Tired of wasting money on high credit card interest rates? Consider applying for a 0% interest credit card. Not only do these handy pieces of plastic give you a set introductory period of no interest on purchases, but some also offer 0% interest on balance transfers for a limited time.
Pros of a 0% interest credit card
First, let’s take a look at some of the many ways a zero-interest credit card can benefit you:
No interest for a set window: You’ll pay zero interest on purchases for the duration of the introductory period. Most credit card offers range from six to 18 months without interest on purchases—and sometimes on balance transfers, too.
Ideal for large purchases. If you want to make a hefty purchase, such as a television or vacation, but need some time to pay it off, a 0% interest card is a huge asset. For a limited time, you get to carry a balance and space out repayments with no interest charges.
Helpful for lowering high-interest balances. If you are carrying high-interest credit card debt, you can transfer it to a credit card offering a 0% introductory APR on balance transfers. This gives you a window of time where interest won’t accrue on your balance, so all of your payments will go toward the debt itself. This allows you to make faster progress on reducing debt.
Cons of a 0% interest credit card
Despite their obvious perks, 0% interest cards have some downsides you should be aware of before you apply:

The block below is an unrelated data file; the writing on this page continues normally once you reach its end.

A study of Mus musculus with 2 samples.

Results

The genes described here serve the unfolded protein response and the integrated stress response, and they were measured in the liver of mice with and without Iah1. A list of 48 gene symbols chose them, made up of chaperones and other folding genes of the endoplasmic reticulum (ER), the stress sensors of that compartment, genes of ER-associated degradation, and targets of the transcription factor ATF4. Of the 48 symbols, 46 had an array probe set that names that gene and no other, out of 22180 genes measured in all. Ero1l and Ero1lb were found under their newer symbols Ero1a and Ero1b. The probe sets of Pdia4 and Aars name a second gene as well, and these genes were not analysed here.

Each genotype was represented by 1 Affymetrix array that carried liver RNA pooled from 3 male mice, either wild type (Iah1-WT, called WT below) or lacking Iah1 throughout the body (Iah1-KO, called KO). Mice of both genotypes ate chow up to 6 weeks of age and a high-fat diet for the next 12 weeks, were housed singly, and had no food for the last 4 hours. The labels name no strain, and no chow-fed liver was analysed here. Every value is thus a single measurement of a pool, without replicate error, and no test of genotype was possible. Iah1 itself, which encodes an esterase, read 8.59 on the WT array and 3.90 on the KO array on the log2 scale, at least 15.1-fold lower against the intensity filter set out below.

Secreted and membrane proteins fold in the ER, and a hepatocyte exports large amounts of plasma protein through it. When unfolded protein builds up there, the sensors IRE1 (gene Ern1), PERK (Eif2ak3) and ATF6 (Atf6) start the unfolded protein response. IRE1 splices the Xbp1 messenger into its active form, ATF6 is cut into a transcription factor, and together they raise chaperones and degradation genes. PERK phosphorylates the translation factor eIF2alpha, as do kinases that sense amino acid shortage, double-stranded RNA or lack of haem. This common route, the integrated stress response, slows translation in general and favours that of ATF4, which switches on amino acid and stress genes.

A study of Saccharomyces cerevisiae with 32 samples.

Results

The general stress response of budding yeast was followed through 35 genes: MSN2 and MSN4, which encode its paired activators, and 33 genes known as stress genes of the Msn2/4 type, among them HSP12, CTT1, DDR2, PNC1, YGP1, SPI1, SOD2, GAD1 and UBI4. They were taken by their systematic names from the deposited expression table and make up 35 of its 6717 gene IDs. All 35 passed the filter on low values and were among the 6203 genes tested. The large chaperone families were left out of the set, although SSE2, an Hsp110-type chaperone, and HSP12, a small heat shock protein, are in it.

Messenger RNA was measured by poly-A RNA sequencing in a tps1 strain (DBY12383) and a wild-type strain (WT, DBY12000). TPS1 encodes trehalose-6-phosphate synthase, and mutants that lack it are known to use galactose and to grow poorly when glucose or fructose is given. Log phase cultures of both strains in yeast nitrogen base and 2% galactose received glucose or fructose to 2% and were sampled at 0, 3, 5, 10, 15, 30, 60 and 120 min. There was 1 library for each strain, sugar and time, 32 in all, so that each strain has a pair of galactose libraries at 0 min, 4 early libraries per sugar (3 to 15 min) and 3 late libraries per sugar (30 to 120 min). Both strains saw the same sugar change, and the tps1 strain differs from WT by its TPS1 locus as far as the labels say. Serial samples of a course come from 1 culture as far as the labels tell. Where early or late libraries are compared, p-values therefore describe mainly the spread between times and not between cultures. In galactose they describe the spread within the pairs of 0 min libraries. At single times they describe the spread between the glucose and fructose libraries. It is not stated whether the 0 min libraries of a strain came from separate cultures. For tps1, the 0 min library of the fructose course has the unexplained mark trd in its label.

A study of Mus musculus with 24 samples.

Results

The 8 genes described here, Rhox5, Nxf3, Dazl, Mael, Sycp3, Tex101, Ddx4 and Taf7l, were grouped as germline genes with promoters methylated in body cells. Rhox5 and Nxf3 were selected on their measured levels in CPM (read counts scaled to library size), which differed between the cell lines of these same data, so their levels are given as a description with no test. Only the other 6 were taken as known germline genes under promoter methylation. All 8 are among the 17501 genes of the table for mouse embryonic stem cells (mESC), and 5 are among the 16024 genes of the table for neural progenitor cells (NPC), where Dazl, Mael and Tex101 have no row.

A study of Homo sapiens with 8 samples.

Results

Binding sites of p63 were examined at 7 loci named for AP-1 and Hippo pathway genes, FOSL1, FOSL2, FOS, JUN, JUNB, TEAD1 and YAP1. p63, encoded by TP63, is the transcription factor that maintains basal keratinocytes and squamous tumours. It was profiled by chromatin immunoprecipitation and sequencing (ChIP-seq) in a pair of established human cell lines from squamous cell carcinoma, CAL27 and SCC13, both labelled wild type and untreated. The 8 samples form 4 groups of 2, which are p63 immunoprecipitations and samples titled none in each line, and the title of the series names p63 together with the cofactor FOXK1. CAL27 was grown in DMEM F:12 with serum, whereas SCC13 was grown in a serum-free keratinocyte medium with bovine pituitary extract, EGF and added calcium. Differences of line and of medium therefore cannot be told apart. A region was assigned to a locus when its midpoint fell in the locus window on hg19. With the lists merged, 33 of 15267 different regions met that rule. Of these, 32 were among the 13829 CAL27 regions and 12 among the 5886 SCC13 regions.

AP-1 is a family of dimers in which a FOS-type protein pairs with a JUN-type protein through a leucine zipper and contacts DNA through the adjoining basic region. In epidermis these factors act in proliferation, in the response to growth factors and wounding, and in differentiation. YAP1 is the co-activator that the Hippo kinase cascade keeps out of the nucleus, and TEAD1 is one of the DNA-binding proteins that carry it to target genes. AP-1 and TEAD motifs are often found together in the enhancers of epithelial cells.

The APR doesn’t last forever. Enjoy it while you can, because once your 0% introductory period is over, it’s over. The 0% interest only lasts for the duration of the introductory period, and once it ends, the card will revert to its regular APR (the exact rate is determined based on your creditworthiness). This regular rate may not be low, so be careful about carrying a balance if you’re nearing the end of your introductory period.
Balance transfers are not always included. Just about every 0% APR offer is for new purchases made with the card. Some of these introductory offers also feature 0% on balance transfers, but not all do. Read the terms closely and ensure balance transfers are also eligible for the 0% rate before you pull the trigger.
You’ll still pay a balance transfer fee. Even if you do find a card with a 0% introductory offer on balances, you will usually still have to pay a balance transfer fee. This is typically around 3% of the transferred balance, so if you’re bringing over a large balance, it could be significant. Do the math and make sure this still works out in your favor.
You can lose it for bad behavior. If you make a late payment, you’ll find in the disclosures that the card issuer has the right to end the introductory period. If this happens, some issues don’t just give you the regular APR; you might get slapped with the penalty APR, which is usually close to a mind-boggling 30%.